In 2004, Ratatat were an effective duo but I was sure they were destined for one-off status. Even over the course of one eleven track album, the duo had failed to show much dynamic range in their performance. They either hit (“Cherry”, “Seventeen Years”) or labored between exploring their unique sound (“Germany to Germany”) or laboring through it (“Lapland”, Everest”). Their project of hip-hop remixes that same year didn’t do much to change that impression, and I would have been very satisfied if Ratatat had just left the project alone at that point. What good is a band continuing onward, if at best they just sound like Ratatat doing Ratatat?
After two fairly well received LPs I personally couldn’t get any joy out of for the reasons outlined above, I was shocked to see Ratatat in the credits for KiD CuDi’s Man on the Moon production. Not only were Ratatat still around, but their profile was growing and influence expanding. What wasn’t so shocking was how token and generic their productions sounded, but I mention that journey only to say that LP4, as much as it can be, is a surprise. There are still plenty of hallmark Ratatat sounds, but unlike the clunky LP3 this album finds the duo hiding them in much more enjoyable detours. “Bilar” takes nearly two minutes to sound like a generic Ratatat joint, at which point it takes on an admirable funky bop thanks to well-placed keyboards.
“Drugs” then drops in behind a found sound and Peter and the Wolf-worthy drama, once again feeling comfortably Ratatat but dressed up in a mixture of Justice and worldly rhythm patterns to help hide the stench. “Neckbrace” finds Ratatat chasing after left-field choices like Vitalic, modeling itself around a Rahzelian beatbox that constantly drops the song off in different places than it left off. It’s a bit of showmanship and craftiness that I really can’t recall hearing from the group at any time, something that doesn’t feel so concerned with living up to the idea of Ratatat as being a good, interesting song.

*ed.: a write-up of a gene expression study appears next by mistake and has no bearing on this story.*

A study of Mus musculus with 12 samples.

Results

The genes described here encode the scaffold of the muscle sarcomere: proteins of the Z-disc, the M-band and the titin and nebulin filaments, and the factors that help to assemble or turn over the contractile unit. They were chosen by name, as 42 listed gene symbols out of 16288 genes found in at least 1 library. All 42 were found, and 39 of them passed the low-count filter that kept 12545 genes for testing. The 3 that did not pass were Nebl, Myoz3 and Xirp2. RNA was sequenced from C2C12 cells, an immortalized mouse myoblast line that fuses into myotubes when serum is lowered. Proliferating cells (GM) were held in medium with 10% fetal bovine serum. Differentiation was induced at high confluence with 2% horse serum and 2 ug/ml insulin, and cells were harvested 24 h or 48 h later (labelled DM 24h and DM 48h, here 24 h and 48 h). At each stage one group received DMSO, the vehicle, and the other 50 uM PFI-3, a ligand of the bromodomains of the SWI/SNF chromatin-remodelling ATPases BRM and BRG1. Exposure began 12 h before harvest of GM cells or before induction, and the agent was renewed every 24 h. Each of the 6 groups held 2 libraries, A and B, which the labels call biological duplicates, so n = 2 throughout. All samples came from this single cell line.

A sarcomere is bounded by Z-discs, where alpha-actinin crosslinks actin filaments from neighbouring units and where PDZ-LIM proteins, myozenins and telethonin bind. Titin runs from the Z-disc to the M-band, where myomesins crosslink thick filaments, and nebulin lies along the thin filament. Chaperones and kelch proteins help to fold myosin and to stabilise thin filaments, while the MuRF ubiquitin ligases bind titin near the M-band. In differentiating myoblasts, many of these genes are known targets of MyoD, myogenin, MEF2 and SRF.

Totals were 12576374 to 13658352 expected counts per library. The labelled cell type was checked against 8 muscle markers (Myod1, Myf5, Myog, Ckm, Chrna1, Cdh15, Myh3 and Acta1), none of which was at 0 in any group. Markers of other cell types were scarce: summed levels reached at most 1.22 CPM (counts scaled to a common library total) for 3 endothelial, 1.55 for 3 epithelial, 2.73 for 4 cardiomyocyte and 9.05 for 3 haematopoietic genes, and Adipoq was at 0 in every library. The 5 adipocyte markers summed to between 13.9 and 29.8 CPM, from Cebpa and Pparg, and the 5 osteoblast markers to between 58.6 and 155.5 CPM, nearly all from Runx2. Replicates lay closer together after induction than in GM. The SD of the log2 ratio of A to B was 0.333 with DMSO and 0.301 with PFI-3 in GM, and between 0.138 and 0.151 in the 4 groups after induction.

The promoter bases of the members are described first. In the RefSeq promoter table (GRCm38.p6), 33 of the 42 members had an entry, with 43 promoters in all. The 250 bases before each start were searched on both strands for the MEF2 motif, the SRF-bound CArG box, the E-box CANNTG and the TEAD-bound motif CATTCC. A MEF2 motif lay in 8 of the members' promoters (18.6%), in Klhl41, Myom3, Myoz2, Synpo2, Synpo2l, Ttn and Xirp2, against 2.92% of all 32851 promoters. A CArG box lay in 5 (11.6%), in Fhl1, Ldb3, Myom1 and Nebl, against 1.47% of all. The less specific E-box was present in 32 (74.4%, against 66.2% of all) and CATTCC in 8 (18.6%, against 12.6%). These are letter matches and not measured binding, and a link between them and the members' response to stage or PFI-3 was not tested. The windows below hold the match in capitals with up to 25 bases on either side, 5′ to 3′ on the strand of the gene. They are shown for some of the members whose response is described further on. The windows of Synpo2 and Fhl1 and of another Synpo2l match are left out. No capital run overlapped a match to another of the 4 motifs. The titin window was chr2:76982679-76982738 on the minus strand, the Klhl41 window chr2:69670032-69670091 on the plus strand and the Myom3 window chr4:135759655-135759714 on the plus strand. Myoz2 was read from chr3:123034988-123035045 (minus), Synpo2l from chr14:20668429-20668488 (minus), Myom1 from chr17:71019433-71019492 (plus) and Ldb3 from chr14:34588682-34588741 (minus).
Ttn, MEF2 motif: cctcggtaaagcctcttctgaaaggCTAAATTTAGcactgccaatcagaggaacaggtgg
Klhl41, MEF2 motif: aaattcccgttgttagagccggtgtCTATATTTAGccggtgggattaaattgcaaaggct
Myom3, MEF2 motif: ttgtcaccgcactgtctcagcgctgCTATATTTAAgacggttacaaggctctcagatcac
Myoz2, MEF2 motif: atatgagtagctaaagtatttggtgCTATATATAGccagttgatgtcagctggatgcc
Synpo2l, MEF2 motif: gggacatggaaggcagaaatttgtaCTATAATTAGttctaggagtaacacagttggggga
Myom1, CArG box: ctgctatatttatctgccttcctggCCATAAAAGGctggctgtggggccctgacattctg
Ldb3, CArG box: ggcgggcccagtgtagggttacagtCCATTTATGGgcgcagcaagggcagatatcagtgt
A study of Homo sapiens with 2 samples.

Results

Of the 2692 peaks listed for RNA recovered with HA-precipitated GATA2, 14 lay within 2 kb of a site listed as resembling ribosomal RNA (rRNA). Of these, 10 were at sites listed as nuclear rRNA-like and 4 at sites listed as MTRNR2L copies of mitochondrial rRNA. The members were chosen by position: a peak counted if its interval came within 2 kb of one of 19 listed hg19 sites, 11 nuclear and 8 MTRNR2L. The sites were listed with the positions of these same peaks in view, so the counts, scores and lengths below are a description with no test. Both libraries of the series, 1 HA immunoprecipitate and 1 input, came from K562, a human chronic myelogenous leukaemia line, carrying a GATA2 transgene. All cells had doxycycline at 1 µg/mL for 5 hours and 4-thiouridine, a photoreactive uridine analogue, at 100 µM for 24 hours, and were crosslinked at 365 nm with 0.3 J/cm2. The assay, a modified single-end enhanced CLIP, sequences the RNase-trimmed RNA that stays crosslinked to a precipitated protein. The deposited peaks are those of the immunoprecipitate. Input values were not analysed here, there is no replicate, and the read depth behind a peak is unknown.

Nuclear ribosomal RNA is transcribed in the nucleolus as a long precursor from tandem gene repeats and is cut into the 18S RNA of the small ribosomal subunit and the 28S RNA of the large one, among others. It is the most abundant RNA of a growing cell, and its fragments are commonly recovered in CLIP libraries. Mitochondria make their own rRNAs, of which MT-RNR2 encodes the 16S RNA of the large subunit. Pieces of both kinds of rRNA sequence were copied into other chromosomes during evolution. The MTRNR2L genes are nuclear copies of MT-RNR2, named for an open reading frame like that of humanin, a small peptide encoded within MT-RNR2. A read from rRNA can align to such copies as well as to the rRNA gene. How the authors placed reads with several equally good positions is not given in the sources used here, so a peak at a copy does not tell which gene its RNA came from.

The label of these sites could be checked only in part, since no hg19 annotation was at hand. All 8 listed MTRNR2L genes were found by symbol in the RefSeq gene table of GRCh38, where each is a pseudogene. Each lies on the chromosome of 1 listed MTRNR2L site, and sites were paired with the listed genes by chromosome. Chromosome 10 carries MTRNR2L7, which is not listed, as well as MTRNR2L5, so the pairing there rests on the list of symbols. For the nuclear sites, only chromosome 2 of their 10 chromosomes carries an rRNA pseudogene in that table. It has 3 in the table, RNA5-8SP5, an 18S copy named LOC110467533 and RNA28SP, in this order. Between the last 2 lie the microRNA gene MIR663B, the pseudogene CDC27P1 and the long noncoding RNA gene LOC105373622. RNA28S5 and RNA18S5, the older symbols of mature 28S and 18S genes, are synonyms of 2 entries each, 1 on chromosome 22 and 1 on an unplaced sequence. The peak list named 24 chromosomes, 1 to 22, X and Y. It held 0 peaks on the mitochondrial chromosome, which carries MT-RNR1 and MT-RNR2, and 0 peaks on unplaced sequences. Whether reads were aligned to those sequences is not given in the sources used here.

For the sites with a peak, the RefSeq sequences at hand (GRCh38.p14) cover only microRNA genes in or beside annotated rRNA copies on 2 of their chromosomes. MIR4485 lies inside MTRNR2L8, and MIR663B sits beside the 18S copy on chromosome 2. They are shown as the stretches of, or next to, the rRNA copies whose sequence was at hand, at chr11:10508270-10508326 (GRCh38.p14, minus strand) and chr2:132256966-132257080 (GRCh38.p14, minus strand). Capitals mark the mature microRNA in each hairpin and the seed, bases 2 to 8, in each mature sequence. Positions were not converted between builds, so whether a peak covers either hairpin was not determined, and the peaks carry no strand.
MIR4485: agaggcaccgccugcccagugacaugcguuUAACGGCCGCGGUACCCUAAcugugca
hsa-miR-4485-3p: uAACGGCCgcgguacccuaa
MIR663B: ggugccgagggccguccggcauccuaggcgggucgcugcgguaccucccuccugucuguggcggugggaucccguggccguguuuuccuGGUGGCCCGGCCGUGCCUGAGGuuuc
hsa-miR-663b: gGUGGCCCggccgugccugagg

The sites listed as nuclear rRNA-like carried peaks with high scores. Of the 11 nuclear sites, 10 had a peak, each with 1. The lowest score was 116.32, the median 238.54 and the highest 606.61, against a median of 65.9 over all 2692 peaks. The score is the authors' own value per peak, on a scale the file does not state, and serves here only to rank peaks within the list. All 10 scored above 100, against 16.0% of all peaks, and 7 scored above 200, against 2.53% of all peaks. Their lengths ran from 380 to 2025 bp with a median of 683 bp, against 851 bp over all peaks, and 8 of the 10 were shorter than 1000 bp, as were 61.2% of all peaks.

It’s not long after that the album begins to feel like a Ratatat album even if it doesn’t much sound like one, though. The way the group breaks into “Mandy”, a song anchored by a very strong AIR-like vocoder effect and fairly weak snare drum, is interesting but then they go into their familiar pattern of flipping the song inside out for a moment, coming back to the groove and flipping it one more time. There’s also their familiar method of recycling ideas, though I think the retry on KiD CuDi’s “Pursuit of Happiness” for “Sunblocks” might be too obvious for some. It’s a much more enjoyable song without CuDi’s faux-singing, though, and goes a ways towards explaining how Ratatat’s vision has expanded as time’s worn on. It’s a shame CuDi’s version had to sound so generically Ratatat in comparison.
Still, LP4 is very definitely the first Ratatat album I’ve listened to since their self-titled debut and felt like investing further time into it. The tropes I previously found annoying and pandering are, for the most part, working in the band’s favor again. More importantly, a little time away and a chance to work with other artists appears to have expanded the duo’s palette a great deal, allowing them to experiment as they did on LP3 without giving such a frenzied impression. This Ratatat is a confident group, but it’s also a much more creative one compared to where they’ve been most of this decade. I wouldn’t say this is a better record than Ratatat, but this is definitely an album that causes me to question my opinion of them going forward. Namely, that they’re all gimmick and little substance. They’ve got the ideas, now they just need the hits again.